LONDON, UK — Leaders across Europe expressed shock and sadness Friday as the names of Malaysia Airlines Flight 17’s dead came rolling in and witnesses reported horrific scenes from the wreckage.
Yet they stopped short of openly blaming the disaster on Russia, which denies funding the separatist, pro-Russian rebels in eastern Ukraine whose missiles may have shot down the plane.
Rebels say Ukrainian forces were responsible for the crash. Ukraine points the finger back at the separatist fighters, the leader of whom announced on social media just before the MH17 news broke that his forces “just downed a plane, an AN-26 ... We have issued warnings not to fly in our airspace.”
Ukraine’s security forces released an audio transcript of telephone conversations alleged to have taken place between rebels and a Russian intelligence officer after the plane was shot down.
In the tape — which has not been verified — a reported separatist curses upon realizing that the plane was a civilian aircraft and not a military one.
The UN Security Council emerged from an emergency meeting Friday afternoon with a call for a “full, thorough and independent international investigation” into the downing of MH17 Thursday en route from Amsterdam to Kuala Lumpur.
“If, as seems possible, the plane was brought down then those responsible must be held to account and we must lose no time in doing that,” Prime Minister David Cameron said, calling the crash of the passenger plane with 298 people aboard an “absolutely shocking incident.”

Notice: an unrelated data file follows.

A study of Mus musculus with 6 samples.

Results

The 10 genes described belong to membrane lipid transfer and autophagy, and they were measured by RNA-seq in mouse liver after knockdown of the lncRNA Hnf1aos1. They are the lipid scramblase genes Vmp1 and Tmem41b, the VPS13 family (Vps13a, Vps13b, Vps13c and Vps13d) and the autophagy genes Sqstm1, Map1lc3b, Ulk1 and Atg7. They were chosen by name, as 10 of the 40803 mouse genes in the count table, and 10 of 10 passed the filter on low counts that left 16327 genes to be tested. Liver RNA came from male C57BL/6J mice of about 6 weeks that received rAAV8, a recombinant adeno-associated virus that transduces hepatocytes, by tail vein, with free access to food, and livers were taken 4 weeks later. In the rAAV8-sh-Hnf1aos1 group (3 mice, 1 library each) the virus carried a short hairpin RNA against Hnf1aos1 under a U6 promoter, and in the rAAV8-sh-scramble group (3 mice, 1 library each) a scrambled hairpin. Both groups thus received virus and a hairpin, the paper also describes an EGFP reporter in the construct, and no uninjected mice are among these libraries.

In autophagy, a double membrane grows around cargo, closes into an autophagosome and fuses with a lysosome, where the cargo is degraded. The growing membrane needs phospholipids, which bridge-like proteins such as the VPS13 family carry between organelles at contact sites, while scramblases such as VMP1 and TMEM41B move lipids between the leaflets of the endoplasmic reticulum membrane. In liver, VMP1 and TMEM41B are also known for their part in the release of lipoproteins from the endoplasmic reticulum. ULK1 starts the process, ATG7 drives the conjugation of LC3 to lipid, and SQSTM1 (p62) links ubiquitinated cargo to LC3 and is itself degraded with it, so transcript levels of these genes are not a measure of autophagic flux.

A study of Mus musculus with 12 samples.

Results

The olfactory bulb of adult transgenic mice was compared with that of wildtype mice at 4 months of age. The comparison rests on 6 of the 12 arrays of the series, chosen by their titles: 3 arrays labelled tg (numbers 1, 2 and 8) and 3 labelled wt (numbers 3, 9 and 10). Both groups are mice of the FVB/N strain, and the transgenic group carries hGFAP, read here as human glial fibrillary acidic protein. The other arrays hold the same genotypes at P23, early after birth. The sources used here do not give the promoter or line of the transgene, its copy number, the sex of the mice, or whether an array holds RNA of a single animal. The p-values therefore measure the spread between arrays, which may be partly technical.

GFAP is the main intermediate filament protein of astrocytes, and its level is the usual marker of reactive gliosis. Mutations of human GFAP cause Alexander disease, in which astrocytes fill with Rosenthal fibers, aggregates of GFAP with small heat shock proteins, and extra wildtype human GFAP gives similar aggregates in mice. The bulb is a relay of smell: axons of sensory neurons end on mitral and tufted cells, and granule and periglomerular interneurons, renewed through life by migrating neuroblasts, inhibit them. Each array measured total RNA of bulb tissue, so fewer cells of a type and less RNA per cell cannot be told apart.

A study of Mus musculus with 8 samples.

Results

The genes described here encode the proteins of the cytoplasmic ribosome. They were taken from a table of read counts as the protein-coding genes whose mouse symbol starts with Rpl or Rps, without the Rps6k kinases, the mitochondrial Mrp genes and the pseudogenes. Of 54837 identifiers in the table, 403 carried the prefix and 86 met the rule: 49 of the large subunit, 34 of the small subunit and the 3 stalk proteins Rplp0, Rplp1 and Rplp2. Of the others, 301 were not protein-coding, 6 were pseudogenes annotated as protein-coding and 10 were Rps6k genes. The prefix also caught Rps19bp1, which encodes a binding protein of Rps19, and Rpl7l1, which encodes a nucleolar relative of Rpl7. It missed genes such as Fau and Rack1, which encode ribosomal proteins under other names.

The UK sent police and air accident experts to eastern Ukraine to repatriate victims and assist with the investigation. On Thursday night, pro-Ukrainian pressure group London Euromaidan laid flowers at the Dutch and Malaysian embassies before marching to Russia’s embassy in Notting Hill for a protest.
Britons killed on the plane included Glenn Thomas, a press officer for the World Health Organization and a former BBC journalist; Richard Mayne, a 20-year-old Leeds University graduate beginning his gap year; and John Alder and Liam Sweeney, two ardent Newcastle United fans traveling to the soccer team’s exhibition games in New Zealand.
“Both men were dedicated supporters of our Club and were known to thousands of fans and staff alike,” Newcastle United said in a condolence statement. The team will wear black armbands during the games in New Zealand in honor of the pair.
Flags across the Netherlands were lowered in tribute to nearly 200 Dutch citizens killed on the plane — as the news site Vox pointed out, a greater percentage of the Netherlands’ population than the US lost on 9/11.
Several high-profile Dutch were among the victims, including Senator Willem Witteveen and Joep Lange, an internationally recognized HIV researcher who was on his way to an AIDS conference in Australia.
A battered Lonely Planet guide to Bali was photographed among the wreckage, scattered across miles of wheat fields in eastern Ukraine.
Many of the dead were holidaymakers, like Cor Schilder, a musician, and his girlfriend, florist Neeltje Tol. As a joke, Schilder snapped a photograph of the plane at the airport and posted it to his Facebook wall, with the words, “Should it disappear, this is what it looks like.”
In Australia, Kaylene Mann of Brisbane lost her stepdaughter and her stepdaughter’s husband on the flight — after her brother and sister-in-law vanished on Malaysia Airlines flight 370 in March, the Times reported.
There were also close calls.
A couple and their infant son were booked on MH17 but were bumped to a KLM flight at the last minute for lack of seats.
Speaking to reporters at Amsterdam’s Schiphol Airport, Barry Sim of Scotland was circumspect about his family’s near-miss.
"In my mind, lightning never strikes twice in the same place so I am still philosophical that you get on the flight and you go about your life,” he said.